Although the firm’s headquarters are based in Singapore, its commercial food activity has mostly been based in Africa since the 1980s, where it is best known for the local manufacturing of Indomie instant noodles as well as the marketing and distribution of Kellogg’s and Arla brand Dano products.
Indomie is the top-selling instant noodle in Nigeria, where it held over 70% of the market as of 2020.
So far, Tolaram’s Asian activities have mostly been centred on the banking sector in Indonesia but moving forward the firm is looking to expand its focus in the region to include more food industry action, starting with the alternative protein industry.
“Providing food and affordable satiety is at the core of what we do, and we have a three-pronged formula for a successful consumer product in emerging markets – it must be acceptable, affordable and available,” Tolaram New Business Development Manager Avinash Aswani told FoodNavigator-Asia.
“Protein is an essential macronutrient that we’ve always been interested to offer, but creating a tasty, sustainable, and affordable protein rich product has had its challenges in [terms of being] being affordable - meaning being cost effective on par with traditional protein sources i.e. meat; as well as being acceptable in terms of taste and synergy with local preferences.
“But today we’re finding that [many new products and protein delivery processes are being developed] using plants (plant-based), microorganisms (fermentation-based) and cells (cell-based). [We believe that] with some adaptation based on our market knowledge and scaling experience, these innovations have significant potential [for] emerging markets, and are thus viable business opportunities for us.”
Tolaram will initially first be taking an investment approach to its alternative protein market entry, and Singapore will be the firm’s first centre of focus as its headquarters are based here and also as the ‘epicentre of food innovation in Asia’.
“[The alternative protein space] is developing rapidly in Singapore thanks to strong government support so there are many related companies based here,” said Aswani.
“[The first move we have made here] is the recent backing of Singapore-based Shandi Global with its realistic plant-based chicken. They figured out how to do this cost-effectively, making it a viable product to scale to emerging markets with us,”
“We are also looking at Indonesia where we have strong roots– we understand the country culturally and are keen on expanding into the food sector here [especially as] we have noticed that plant-based and healthy eating is growing rapidly here too.
“The younger generation of consumers in Indonesia is more health-conscious, so we do believe that if the taste and the price are right, it will not be hard to get them to adopt plant-based products.”
Just getting started
Aswani added that the firm is currently still exploring all alternative protein options in Asia, and is not fixated on any specific type of technology or product format as long as it fits their three criteria.
“There are several tracks of technologies that are all working towards solving our food problems of tomorrow, and it’s just getting started [so] we’re not fixated on a particular technology or format,” he said.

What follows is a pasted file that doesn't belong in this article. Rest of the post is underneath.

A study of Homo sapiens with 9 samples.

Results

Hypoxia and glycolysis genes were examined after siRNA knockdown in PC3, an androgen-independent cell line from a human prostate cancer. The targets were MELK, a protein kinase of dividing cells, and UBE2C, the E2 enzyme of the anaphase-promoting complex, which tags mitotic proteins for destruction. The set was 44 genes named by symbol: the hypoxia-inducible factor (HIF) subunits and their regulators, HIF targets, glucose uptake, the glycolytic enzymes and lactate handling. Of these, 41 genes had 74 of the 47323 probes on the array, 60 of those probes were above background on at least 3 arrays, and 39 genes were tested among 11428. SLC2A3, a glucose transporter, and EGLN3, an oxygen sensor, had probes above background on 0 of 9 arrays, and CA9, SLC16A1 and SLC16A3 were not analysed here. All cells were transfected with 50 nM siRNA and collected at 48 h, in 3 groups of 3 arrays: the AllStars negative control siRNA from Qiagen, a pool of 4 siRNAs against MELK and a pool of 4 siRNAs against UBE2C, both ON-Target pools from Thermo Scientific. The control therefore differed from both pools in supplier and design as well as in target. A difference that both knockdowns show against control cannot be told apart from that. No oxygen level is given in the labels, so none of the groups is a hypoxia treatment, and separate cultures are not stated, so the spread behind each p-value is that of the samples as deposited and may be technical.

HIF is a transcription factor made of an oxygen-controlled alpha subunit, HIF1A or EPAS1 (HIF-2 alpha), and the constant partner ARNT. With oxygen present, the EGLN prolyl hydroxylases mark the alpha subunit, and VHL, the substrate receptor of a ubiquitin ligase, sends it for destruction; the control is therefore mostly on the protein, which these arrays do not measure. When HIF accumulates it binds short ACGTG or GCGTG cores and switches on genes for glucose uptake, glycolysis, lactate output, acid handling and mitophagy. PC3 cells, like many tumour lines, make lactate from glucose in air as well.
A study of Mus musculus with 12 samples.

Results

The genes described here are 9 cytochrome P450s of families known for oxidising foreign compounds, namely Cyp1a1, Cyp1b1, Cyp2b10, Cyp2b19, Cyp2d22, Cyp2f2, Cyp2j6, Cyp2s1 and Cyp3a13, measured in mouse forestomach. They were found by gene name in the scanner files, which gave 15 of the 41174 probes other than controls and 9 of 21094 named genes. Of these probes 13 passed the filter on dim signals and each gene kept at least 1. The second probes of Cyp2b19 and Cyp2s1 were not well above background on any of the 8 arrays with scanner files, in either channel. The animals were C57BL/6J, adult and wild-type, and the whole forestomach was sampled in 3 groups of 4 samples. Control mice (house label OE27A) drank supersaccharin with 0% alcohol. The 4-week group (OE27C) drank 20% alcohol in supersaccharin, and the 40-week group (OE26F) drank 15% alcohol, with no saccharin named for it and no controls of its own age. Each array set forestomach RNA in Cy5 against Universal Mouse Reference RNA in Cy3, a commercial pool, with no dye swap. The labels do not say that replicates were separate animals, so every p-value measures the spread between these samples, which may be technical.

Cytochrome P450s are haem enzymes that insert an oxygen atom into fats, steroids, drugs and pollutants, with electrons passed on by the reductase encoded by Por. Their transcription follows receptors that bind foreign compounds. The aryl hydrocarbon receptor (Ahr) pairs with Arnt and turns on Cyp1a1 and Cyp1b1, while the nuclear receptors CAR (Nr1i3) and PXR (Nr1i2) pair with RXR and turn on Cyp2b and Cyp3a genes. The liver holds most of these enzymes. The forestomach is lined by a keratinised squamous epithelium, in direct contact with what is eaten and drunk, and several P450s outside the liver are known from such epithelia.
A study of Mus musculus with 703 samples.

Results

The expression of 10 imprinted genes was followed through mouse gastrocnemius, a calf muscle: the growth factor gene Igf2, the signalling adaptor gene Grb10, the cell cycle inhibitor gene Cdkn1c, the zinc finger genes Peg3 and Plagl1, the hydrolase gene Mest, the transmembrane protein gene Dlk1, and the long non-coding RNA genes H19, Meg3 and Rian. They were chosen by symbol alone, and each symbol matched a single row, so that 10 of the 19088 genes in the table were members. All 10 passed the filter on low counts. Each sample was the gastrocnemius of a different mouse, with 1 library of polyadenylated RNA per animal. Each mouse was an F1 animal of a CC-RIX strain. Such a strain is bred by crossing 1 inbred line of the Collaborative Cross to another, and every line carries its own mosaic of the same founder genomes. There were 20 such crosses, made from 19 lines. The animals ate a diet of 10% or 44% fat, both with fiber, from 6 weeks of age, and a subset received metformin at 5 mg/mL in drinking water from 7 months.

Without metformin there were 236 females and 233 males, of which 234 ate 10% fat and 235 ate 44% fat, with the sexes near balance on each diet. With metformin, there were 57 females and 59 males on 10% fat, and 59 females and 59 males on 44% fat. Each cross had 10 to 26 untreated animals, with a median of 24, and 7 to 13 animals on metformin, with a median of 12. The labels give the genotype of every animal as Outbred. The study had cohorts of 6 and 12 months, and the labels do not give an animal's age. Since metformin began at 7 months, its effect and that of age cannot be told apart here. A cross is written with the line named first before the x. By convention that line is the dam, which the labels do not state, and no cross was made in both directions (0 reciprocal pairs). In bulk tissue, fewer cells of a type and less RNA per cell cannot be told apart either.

“The main thing for us is that it is suitable for emerging markets – so what we’re after are not luxury, premium-end products like say a plant-based wagyu which would sell for high prices, but rather something that would suit the average consumer in an emerging market like Indonesia, with the potential to scale up and radically change the food system.”
Challenges and localisation
Aswani also highlighted that despite the obvious differences, there are many similarities between the Asian and African food and beverage markets.
“Both require overcoming challenges with setting up robust supply chain, manufacturing and distribution models for scale, and navigating political and economic risks,” he said.
“This is something we are good at, and we have done this beyond Nigeria – in Ghana, Egypt and South Africa for example – [so] we believe we can also provide the same support for operational ability, production and sales to emerging markets in Asia, markets that are generally more challenging, as we have done it before in even more challenging geographies.”
In addition, the firm’s plans for Asia have started with investment in other alternative protein firms, but it is looking at potentially establishing manufacturing and scaled-up production of its own in the region as well.
“We’re looking first to invest in firms that have more of an R&D focus as we are not R&D experts, and that is a gap we want to plug here, [but] there is certainly potential for us to manufacture products here directed at the Asian market in the future,” said Aswani.
“This is because we do realise is that all continents, whether Asia or Africa, all prefer local products from local manufacturers, which can meet local tastes and preferences.
“Even within a single country, consumer tastes can differ widely from north to south, east to west - – so we will adapt accordingly.”
Localisation in terms of ingredient sourcing is also important to the firm in light of the COVID-19 pandemic.
“We are a food company and that comes with its responsibilities. Even in the face of adversity, we must ensure we can still supply our products to the market,”
“Many ingredients and components of our products are sourced locally, which helped when COVID emerged and cut off global trade routes. We will continue to build resilience by further sourcing locally where we can.”